Hello and welcome to the calibration demo developed by Nutaq with available off-the-shelf Nutaq product. In this demo, we will calibrate the phase and gain of multiple receivers.
The hardware used to implement the calibration design is the Nutaq TitanMIMO-6 Massive MIMO testbed. Stacked on top of each other in this video, each TitanMimo-6 forms an 8 x 8 system, built using Nutaq’s second generation Radio640 FMC modules. For this demo, we use an external clocking device, which provides a common reference clock to each of the 4 Radio640 FMC double-stack modules. For calibration at the receiver side, we will be using a single transmit antenna and multiple receive antennas. The hardware setup consists of the 16 receive antennas shown here and a single transmit antenna, placed at the far side.
This figure summarizes the calibration design. In order to calibrate the phase and gain of the 16 receiver elements, we use MATLAB to save a known reference signal on the onboard DDR3 SODIMM RAM. Then, using a single transmit antenna, shown as the black antenna element here, the reference signal is transmitted over the air. The 8 receive antennas of each TitanMIMO-6 receive this reference signal. Before sending the received data to Matlab for further processing, the received signal at each receiver element undergoes a complex multiplication operation with the phase and gain offset correction factors, which are saved in memory registers onboard the system. This multiplication is done inside the FPGA. By default, the correction factors all have a value of 1, and these are updated once the reference signal is received for the first time and the offset correction factors have been calculated in MATLAB.
Here we show the Xilinx Platform Studio project used to generate the bitstream for the Virtex 6 FPGA, which is onboard the TitanMimo-6. The design was developed using Nutaq’s BSDK, which provides customized IP cores to access various peripherals on-board the TitanMiMo-6, including the Radio640 modules, the PCIE and Ethernet interfaces, the Mestor LVDS lanes and the DDR3 SODIMM memory, to name a few. Focusing on the parts that perform calibration-related operations, the rx_calibrator_0 IP core, shown here, creates an FPGA design that takes its input from the Radio640 ADCs, performs the complex multiplication, and then passes the data to the real-time data-exchange IP core, from where it is sent to MATLAB running on the host machine. Within MATLAB, the received data is correlated with the original reference signal and the difference between correlation peaks is used to estimate the phase offsets.
Here we show the MATLAB mcode scripts that perform the functions required for calibration, which is done in two steps. During the first step, after performing Radio640 initialization, Digital Calibration, and Multi-chip synchronization, we first select the antenna element that is used to transmit the reference signal over the air. Then, we send the calibration data file, which contains the reference signal, to the on-board DDR3 RAM. Following this, the reference signal is transmitted over the air. The next two commands enable the streaming of the received data from the FPGA to the host machine, where it is saved in a bin file. In the second step of calibration, the data from the bin files is loaded into MATLAB, where it is correlated with the original reference signal. Then, the difference between correlation peaks and the ratio of the energies of the received and original reference signals are used to calculate the phase and gain offset correction factors. Finally, after displaying the results, the correlation factors are sent to the memory registers onboard the FPGAs.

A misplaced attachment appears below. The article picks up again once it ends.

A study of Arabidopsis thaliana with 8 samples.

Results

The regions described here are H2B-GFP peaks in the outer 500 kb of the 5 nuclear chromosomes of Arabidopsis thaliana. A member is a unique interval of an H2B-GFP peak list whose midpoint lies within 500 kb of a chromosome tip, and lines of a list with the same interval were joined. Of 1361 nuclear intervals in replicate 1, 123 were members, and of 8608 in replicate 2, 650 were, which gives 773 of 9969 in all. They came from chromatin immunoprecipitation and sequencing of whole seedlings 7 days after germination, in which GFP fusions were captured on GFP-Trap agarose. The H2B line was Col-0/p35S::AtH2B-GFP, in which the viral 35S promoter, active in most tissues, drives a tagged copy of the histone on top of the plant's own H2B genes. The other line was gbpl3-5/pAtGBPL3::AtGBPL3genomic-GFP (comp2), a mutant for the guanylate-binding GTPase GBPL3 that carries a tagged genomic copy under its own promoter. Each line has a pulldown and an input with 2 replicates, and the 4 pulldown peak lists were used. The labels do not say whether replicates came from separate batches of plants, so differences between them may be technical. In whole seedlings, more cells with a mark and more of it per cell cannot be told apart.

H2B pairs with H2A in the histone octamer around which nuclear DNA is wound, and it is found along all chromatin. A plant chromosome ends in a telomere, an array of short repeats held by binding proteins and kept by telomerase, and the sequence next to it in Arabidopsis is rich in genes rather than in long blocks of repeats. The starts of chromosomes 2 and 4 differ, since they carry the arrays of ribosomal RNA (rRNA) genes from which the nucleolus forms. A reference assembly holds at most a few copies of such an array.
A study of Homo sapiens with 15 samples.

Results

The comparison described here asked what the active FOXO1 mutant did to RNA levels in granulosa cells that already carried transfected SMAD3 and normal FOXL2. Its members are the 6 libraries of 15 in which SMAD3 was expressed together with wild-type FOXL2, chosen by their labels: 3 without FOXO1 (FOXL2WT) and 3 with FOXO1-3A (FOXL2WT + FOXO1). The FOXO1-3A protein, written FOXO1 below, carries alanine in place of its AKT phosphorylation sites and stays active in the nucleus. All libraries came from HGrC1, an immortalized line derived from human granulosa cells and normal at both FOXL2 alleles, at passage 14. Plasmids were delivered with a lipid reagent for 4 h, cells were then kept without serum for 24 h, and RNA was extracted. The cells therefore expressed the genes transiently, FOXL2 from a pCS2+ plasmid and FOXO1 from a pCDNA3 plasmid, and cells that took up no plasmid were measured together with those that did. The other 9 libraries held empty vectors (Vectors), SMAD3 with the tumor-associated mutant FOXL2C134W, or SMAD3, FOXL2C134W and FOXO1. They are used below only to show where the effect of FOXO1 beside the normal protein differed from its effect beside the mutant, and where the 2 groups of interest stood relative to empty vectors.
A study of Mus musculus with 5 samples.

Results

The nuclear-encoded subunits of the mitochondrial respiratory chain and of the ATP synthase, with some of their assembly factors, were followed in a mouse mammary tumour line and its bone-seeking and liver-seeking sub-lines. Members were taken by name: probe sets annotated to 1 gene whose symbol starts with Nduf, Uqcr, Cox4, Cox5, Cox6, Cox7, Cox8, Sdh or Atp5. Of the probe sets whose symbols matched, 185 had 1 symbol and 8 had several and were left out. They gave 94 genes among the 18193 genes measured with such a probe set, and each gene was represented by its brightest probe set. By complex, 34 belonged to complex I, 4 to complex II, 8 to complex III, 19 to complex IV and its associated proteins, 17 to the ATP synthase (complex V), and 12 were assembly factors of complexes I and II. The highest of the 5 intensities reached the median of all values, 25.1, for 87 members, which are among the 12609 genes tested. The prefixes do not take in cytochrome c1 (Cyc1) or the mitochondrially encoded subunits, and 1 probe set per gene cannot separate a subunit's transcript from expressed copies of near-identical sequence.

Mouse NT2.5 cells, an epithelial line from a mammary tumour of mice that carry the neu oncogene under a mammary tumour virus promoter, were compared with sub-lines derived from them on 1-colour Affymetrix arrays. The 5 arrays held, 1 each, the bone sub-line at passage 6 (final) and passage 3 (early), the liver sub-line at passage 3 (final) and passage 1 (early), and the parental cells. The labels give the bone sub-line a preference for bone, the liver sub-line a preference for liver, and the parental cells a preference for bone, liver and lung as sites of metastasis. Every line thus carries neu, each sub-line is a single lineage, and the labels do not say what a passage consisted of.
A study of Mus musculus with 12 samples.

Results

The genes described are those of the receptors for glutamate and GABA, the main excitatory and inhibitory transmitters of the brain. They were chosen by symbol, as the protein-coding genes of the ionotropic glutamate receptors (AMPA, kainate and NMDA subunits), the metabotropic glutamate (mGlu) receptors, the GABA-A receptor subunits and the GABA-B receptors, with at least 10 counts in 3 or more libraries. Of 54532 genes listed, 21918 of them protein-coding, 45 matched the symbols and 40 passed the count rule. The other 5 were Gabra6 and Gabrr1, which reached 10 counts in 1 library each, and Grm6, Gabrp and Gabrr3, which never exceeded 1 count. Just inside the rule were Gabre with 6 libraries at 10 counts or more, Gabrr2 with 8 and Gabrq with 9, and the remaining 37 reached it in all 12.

We now run the demo on the hardware. To start, we will execute Step 1 of Calibration, where the reference signal is transmitted over the air and received by the 16 receive antennas.
At this stage, we have acquired the reference signal for the first time. We now move to Step 2 of calibration.
As we can see from this figure, the received signals are all out of phase and there is also a large variation in their gains as compared to the reference signal, which make the received signals unusable in array processing. The bold, black plot here depicts the original reference signal. At end of Step 2, the phase and gain offset correction factors have been calculated and loaded into the memory registers onboard the TitanMIMO-6. Therefore, if we now retransmit the reference signal, the signals received by the 16 receiver elements should all be aligned in phase and gain. Step 3 and Step 4 perform this check by retransmitting the reference signal.
As we can see from this figure, the received signals are all aligned in phase and gain. The results can still be improved further by increasing the number of acquisitions.